Fury is a second world war drama that plays with us viscerally and unsparingly — I think I saw a head being blown off; I think I saw a sliced-off face, flopping about — but is still just another second world war drama. That is, Americans good, Nazis bad, and a man doesn’t become a man until he has abandoned all mercy and learned how to kill. ‘It’s Saving Private Ryan, but with tanks,’ I heard someone say as I left the screening, and although I would never steal someone else’s opinion, it is Saving Private Ryan, but with tanks, and also sliced off faces. I added that last bit myself.
Written and directed by David Ayer (Training Day, End of Watch), this stars Brad Pitt as battle-hardened Sergeant Don ‘Wardaddy’ Collier who commands a Sherman tank. He is an interesting character at the outset — unsympathetic; falls apart when his men aren’t looking — but ultimately conforms as a regular hero by the end. Courage against all the odds. The glorious nature of macho self-sacrifice. This is what he believes in, ultimately (his tank has ‘Fury’ graffitied in white paint on its thrusting gun barrel which probably says it all, most phallically). He leads a five-man crew. The men are Shia LaBeouf as ‘Bible’, who is a committed Christian, and Michael Pena as ‘Gordo’, the obligatory non-white, Jon Bernthal as ‘Coon-Ass’, the southern redneck with bad teeth, and new recruit Norman (Logan Lerman), who has been seconded by mistake (he is a typist). Norman is the archetypal new recruit: young, innocent, fearful. He has yet even to fire a gun. He doesn’t know about abandoning all mercy and learning how to kill, but he will, obviously. It’ll be a steep learning curve, but he’ll get there. (In this regard, I had faith in Norman, right from the off.)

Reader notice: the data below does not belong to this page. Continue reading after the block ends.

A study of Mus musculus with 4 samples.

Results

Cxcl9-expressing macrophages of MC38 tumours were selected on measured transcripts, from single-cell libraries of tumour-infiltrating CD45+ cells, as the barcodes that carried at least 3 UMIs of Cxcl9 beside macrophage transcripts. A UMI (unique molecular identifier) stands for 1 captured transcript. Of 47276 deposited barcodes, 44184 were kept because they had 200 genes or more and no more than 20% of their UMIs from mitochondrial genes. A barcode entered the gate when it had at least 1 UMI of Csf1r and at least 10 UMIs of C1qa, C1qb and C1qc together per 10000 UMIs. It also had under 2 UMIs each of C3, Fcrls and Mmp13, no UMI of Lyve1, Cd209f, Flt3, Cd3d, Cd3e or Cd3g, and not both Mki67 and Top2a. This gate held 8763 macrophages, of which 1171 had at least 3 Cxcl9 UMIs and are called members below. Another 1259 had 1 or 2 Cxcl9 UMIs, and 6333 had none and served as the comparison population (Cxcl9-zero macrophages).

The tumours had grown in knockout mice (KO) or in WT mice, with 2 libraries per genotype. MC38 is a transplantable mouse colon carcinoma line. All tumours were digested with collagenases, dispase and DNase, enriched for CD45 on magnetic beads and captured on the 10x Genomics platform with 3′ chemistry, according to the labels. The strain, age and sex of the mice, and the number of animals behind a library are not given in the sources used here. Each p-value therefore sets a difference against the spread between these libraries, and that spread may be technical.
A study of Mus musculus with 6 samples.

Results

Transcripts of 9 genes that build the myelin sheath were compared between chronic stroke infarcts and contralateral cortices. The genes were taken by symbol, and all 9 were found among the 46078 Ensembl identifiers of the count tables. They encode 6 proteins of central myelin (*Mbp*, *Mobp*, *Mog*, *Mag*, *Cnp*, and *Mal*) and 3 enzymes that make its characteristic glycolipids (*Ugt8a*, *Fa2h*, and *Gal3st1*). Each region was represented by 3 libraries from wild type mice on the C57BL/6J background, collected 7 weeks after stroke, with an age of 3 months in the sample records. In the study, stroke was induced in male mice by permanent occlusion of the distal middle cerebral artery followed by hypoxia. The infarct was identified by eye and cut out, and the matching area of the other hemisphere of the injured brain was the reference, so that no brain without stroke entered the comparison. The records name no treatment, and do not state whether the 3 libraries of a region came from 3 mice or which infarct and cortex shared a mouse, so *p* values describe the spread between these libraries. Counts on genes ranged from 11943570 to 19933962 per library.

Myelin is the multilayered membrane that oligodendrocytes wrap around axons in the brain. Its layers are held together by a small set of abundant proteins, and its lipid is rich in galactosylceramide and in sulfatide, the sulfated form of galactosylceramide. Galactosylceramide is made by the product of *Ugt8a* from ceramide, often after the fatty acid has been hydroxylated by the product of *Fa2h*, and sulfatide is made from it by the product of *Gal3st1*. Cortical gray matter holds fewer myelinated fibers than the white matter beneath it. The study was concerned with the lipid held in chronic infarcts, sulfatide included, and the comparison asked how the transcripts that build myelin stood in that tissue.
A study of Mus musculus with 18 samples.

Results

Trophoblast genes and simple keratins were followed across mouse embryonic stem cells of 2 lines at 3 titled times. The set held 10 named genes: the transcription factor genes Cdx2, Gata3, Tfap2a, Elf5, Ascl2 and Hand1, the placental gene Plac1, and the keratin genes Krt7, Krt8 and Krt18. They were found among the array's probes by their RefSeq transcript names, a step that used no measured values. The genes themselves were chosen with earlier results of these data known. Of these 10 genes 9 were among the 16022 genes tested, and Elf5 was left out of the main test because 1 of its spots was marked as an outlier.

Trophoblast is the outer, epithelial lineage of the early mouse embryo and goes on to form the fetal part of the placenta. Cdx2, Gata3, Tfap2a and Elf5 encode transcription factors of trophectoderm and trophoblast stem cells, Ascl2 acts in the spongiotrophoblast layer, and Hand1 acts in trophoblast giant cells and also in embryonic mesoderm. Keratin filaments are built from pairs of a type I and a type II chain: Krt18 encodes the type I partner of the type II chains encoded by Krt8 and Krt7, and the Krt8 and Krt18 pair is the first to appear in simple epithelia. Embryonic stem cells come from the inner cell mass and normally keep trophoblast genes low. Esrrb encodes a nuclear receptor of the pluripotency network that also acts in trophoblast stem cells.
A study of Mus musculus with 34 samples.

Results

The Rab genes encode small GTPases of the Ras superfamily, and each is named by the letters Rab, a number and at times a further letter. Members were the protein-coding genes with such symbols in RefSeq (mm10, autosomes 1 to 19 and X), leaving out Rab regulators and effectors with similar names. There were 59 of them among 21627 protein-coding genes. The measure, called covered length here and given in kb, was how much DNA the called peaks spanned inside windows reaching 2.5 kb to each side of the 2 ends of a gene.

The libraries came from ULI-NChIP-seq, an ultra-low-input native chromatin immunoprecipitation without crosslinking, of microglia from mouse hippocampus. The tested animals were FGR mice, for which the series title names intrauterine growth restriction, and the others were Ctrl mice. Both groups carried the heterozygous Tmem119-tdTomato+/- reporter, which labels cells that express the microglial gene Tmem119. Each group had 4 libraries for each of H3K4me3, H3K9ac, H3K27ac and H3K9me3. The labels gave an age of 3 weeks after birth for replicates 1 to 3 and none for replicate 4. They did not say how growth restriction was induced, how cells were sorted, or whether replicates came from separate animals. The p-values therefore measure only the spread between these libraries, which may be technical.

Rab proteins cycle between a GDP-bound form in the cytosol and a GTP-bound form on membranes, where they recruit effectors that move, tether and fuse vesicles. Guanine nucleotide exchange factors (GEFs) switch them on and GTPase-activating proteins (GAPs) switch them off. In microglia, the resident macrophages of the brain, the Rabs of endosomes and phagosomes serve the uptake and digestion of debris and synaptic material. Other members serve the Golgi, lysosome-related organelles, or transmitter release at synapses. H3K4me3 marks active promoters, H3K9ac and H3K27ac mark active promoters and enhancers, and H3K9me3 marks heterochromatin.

These are men who would never encounter each other in civilian life but, hunkered down in the sweaty, dirty, claustrophobic tank decorated with appropriated Nazi memorabilia — I’ve never seen this look in Elle Decoration, but it sort of works — they tightly bond. You thought they wouldn’t tightly bond? Have you seen any war films at all? Start with Where Eagles Dare and work your way up. It may even be that all war films are Where Eagles Dare, now served with mighty dollops of gore. Just putting that out there.
This is set in the waning days of the war, when the Allied troops have effectively won, but are still pushing though Germany as Germany throws everything at them, including child soldiers, and the SS are stringing up anyone who refuses to fight. At no point do any of the men question what they are being asked to do, or reflect on the idiocy of possibly having to die for a war that is over. It is resolutely non-ironic. The battle scenes are extremely well-mounted, technically impressive, and wholly unforgiving. There is mud and blood. A Nazi is stabbed through the eye. There’s the rat-at-at-at-at of machine guns. There are tanks running over bodies. There are explosions lighting the night sky, but otherwise it illuminates nothing. I couldn’t even figure out what it might be trying to illuminate, or even if it was trying to illuminate anything at all.
There is only one scene of any complexity. It occurs when the Allied forces take a small German town, and Collier and his crew impose themselves on a German woman and her pretty young cousin in their apartment. The men are abusive but also not abusive, they terrorise but also don’t terrorise. It was more tense than any of the fighting, and also introduced an unsettling ambiguity. The brutality of war may cost those who fight in it their humanity, but to what extent? Can you lose some of it, but not all? Can you ever retrieve that which has been lost? But this scene is self-contained; the film carries on afterwards as if it never happened, and the men simply return to blowing stuff up, although not before Pitt has taken his top off. You thought he wouldn’t take his top off? Have you seen any Brad Pitt films at all?
It is well-performed, and the script is spare, for which we should probably be thankful, as some of the lines are truly awful. ‘Ideals are peaceful, history is violent,’ says Pitt, who doesn’t say much, and then says something meaningless meaningfully. (He is quite Zen-like in this way.) But the characters are underwritten, the score is overbearing. And the ‘true horror of war’ as a theme, has, dare I say it, been rather done to death. It is viscerally thrilling, if you are after visceral thrills, but otherwise you will be asking: and your point is?